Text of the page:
I have two gripes with this album. Firstly, despite its brief running time, it still contains a few songs which aren't particularly memorable to me. Opener Living well is the best revenge, despite providing a great statement of intent for the album, lacks a good melody. The title track doesn't excite me a lot either. And there's a few songs near the end (Horse to water and I'm gonna DJ) which don't particularly reward repeated listening for me.
My second gripe is more serious - this album is an unfortunate victim of the loudness war. It brickwalls on the first track and is turned up to 11 for pretty much the entire running time, except on a few ballads. I blame the influence of Jacknife Lee, who has worked on similarly loud albums by artists such as Bloc Party, Snow Patrol and U2.
I own all of R.E.M.'s albums, and if I find myself in the mood for listening to them I can't possibly see myself choosing Accelerate over Murmur or Automatic for the people, amongst other brilliant efforts. Call something a return to form as much as you like, but if you don't get an urge to listen to it, what's the point?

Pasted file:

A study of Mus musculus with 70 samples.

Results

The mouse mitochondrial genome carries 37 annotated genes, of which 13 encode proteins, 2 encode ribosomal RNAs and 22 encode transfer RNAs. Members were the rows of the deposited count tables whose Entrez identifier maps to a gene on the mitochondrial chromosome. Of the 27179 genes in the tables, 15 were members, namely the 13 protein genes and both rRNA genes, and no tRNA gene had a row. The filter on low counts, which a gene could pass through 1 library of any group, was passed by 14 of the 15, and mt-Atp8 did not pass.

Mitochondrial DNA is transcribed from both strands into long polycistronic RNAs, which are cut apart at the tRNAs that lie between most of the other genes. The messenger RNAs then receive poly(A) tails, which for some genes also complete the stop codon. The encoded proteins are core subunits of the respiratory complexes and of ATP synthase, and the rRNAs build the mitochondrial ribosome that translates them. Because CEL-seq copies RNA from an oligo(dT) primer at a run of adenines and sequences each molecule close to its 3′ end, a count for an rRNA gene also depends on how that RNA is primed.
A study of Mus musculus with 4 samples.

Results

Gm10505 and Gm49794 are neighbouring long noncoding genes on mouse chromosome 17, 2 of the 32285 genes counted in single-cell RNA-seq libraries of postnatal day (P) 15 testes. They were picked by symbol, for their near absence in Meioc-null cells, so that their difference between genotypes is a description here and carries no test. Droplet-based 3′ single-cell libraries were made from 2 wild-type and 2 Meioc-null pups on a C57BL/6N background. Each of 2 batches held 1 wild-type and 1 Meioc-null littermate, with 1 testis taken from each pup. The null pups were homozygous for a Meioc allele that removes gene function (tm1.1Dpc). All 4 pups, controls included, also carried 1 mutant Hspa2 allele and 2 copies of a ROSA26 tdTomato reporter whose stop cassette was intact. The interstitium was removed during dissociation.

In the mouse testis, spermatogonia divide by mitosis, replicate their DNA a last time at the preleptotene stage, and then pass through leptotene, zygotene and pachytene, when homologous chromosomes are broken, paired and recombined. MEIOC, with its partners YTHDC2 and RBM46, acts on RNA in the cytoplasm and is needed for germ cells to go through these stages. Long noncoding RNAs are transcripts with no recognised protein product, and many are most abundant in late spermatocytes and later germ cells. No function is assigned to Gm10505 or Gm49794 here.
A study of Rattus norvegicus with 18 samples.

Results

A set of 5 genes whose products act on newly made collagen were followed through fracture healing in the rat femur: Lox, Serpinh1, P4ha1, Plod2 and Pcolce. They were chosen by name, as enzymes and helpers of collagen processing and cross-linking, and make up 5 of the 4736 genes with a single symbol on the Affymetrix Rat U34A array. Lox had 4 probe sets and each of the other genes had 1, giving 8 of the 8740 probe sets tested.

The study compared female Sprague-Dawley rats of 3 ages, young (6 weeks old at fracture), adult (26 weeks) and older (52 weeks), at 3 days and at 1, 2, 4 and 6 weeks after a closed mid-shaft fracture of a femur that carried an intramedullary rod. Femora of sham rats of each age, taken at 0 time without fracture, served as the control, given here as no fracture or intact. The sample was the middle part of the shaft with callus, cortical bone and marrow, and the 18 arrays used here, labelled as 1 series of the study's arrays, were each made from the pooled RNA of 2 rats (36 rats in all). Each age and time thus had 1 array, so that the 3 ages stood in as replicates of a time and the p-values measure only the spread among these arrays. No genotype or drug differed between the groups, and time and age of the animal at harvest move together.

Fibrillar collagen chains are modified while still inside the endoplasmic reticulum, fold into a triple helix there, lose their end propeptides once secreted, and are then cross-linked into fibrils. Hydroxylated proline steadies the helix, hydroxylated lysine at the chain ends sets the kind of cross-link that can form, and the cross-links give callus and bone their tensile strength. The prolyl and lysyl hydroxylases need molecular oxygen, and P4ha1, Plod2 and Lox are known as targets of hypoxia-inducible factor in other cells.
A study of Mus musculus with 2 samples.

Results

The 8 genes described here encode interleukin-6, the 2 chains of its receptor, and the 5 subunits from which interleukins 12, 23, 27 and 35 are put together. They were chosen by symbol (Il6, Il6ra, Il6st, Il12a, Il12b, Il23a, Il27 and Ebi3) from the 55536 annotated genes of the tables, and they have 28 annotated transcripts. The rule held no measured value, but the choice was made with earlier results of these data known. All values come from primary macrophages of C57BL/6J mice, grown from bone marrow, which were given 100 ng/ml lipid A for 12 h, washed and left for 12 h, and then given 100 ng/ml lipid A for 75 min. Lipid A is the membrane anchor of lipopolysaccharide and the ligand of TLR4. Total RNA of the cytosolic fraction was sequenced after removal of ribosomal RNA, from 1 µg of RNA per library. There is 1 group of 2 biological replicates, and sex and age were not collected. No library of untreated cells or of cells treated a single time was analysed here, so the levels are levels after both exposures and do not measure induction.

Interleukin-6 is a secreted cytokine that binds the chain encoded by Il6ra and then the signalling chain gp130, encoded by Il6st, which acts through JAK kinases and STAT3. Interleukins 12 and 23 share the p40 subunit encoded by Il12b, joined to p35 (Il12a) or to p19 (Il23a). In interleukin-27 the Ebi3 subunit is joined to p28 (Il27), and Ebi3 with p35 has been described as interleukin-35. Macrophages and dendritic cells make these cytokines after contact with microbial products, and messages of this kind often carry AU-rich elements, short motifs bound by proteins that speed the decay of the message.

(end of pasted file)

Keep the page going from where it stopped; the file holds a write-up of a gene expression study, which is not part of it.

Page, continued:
It's a good album, but it lacks a little in cohesiveness, feeling more like a collection of songs than an album. The album was named after Momofuku Ando (the inventor of cup noodles) and, in a sense, the name is appropriate -- it's all a bit of a hodge-podge of genres and styles mixed up in a way similar to how meat and vegetables are thrown together in a stir-fry. A solid Costello effort, but for a latter-day album I'd choose The delivery man over this.
Unfortunately, I struggle to remember anything memorable about the rest of the album. The songs don't seem to have a direction, many of them lacking decent melodies; because of this they fail to maintain my interest. All of the songs tend to blend into one for me, and while I sometimes notice some decent songs amongst the mix while listening to it, I immediately forget about them after the album has finished playing. There's also (I know I'm getting boring here) a pretty severe lack of dynamic range on all of these songs, making the album aurally unpleasant to listen to at times.
I think we can safely say that the chance of You Am I ever releasing an album on par with any of their earlier classics is pretty close to nil. It's sad to see such a great band fall from such great heights. Luckily, we'll always have Hourly, daily and Hi-fi way to listen to, to remind us of how great they once were.